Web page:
Members of the Kyle of Lochalsh Development Trust.
Members of the Kyle of Lochalsh Development Trust.

Projects aimed at enhancing biodiversity in the north have received a share of £230,000 through the Highland Restoration Fund.

The new Highland Nature Restoration Fund (NRF) was established by the Scottish Government and is administered by Highland Council.

Projects across the region, which will help restore woodland, protect wildlife and offset the impact of climate change, will receive grants between £2,500 and £20,000.

A total of 27 projects have been selected, including 13 new wildflower meadow sites, 17 tree planting initiatives and seven areas of wetland creation or new wildlife ponds.

Other projects will tackle the threat of invasive species of plant life on native fauna like Japanese knotweed and giant hogweed.

Kyle and Lochalsh Community Trust was successful and will get £12,592 for their Re-Wetting the Plock project, establishing a wetland area at the Western Plock.

Fiona Wellings, trust manager, said: “Our desire is for the Plock to become a hub for the village of Kyle and surrounding area.

“Receiving this grant from Highland Council will enable us to diversify and improve our freshwater habitats, creating spaces that are currently unavailable for wildlife, and which we hope will stabilise our freshwater environs into the future.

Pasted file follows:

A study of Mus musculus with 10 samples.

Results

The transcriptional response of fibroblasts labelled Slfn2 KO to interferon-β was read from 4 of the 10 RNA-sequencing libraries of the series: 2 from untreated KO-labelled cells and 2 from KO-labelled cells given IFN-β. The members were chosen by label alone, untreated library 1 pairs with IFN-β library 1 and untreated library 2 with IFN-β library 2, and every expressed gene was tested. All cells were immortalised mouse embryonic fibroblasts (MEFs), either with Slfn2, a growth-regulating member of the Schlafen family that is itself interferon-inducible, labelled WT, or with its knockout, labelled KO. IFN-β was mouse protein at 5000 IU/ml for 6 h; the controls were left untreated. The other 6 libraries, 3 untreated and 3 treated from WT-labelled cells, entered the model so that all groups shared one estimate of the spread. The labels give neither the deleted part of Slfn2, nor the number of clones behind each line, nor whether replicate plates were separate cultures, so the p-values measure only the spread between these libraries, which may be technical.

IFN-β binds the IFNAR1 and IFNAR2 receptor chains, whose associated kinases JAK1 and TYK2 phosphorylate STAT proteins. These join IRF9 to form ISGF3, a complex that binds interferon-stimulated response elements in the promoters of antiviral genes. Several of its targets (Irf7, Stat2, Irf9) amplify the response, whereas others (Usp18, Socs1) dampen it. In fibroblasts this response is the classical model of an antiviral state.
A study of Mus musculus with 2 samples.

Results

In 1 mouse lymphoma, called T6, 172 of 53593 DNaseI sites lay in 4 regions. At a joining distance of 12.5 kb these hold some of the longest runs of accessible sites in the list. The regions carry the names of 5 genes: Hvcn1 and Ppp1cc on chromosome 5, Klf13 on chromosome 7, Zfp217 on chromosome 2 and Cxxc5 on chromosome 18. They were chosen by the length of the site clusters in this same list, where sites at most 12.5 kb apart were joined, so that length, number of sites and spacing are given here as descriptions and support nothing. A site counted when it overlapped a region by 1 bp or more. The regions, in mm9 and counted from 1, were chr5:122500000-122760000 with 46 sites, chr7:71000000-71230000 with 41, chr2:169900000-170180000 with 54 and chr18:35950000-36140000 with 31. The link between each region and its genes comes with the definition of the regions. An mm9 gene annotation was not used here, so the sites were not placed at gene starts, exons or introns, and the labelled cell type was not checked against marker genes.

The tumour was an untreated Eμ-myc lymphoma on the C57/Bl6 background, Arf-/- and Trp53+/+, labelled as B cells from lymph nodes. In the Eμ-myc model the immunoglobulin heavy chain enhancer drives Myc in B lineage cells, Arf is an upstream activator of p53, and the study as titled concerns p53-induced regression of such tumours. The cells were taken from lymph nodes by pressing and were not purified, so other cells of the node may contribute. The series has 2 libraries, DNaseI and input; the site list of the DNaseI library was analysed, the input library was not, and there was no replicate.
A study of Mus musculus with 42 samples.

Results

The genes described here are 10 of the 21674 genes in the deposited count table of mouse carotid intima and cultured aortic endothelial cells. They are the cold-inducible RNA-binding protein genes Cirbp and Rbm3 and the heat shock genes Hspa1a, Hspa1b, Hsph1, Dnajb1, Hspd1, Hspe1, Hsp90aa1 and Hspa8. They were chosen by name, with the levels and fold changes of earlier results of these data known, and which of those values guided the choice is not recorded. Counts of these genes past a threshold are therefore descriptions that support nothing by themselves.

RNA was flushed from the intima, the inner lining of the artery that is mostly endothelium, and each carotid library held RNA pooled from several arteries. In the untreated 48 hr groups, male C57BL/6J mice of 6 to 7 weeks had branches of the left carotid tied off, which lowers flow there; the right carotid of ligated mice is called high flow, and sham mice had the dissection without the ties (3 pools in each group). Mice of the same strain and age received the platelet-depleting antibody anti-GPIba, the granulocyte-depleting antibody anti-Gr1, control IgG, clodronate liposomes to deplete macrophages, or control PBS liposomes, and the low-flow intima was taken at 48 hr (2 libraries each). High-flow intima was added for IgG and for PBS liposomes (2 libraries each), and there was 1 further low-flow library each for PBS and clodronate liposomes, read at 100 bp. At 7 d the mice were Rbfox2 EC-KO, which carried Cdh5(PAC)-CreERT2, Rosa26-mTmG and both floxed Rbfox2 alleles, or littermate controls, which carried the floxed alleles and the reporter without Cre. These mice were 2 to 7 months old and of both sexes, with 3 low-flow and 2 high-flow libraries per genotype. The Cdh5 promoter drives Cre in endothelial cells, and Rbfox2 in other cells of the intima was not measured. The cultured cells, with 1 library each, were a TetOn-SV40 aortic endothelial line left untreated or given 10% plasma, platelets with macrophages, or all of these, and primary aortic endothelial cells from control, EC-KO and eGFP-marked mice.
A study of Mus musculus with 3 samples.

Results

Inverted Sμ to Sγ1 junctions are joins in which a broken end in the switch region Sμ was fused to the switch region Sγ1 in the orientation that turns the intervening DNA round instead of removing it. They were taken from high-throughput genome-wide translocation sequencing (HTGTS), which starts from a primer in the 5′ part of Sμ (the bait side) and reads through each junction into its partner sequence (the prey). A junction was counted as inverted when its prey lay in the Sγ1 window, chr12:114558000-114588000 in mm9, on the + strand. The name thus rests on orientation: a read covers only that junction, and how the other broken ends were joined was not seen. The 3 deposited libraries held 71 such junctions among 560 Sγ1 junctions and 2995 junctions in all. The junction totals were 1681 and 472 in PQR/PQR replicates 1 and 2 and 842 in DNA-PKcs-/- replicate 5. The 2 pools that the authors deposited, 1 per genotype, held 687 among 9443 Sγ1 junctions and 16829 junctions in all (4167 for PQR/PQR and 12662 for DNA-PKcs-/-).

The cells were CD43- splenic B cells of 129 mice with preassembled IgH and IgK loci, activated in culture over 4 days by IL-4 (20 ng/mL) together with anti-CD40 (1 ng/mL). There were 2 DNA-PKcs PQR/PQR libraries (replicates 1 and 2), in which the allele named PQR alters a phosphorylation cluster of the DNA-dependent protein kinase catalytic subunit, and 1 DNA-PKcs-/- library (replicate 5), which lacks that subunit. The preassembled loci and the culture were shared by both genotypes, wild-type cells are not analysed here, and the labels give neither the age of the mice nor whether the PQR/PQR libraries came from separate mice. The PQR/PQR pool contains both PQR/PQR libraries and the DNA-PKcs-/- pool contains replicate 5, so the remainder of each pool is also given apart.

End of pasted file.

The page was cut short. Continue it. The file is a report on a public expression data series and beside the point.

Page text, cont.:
‘Taking action to improve our environment’

“We envision a richness of life in our ponds in years to come. Improvement of our Plock habitats is a priority for us and by having this natural space that is home to a wide variety of plants and animals, we increase the opportunities for people to connect with nature at their own pace.”

Kinlochleven Community Trust (KCT) will receive the largest single grant of £20,000 towards the development of their community-owned woodland areas.

Lucy Cooke, development officer for KCT, said: “We experience a variety of climate change impacts across our local environment, and it will be exciting to utilise nature-based solutions across our land.

“In particular, we are mitigating the spread of fungal pathogens by turning diseased trees into wildlife monoliths that retain the natural woodland cycle and create new habitats that encourage biodiversity and strengthen the resilience of our forest.”

The Boleskine Estate will have a total of five acres of wildflowers planted as part of restoration efforts.

Another project which plans to sow millions of native wildflower seeds at the Boleskine Estate to increase biodiversity in the Loch Ness area received £9,100.

At least 42 different species of wildflower will be planted in the five acre meadow and will reintroduce some native species back into the Loch Ness area.

Keith Readdy, chairman of the Boleskine House Foundation, said: “Our bold new vision for the Boleskine Estate is to create a space for nature to thrive alongside heritage, creating a positive lasting legacy for the local area.

“We are thrilled to be able to include this landmark wildflower meadow in the Boleskine project, which is unique in that it is so multifaceted.”

To find the full list of projects that received funding click here.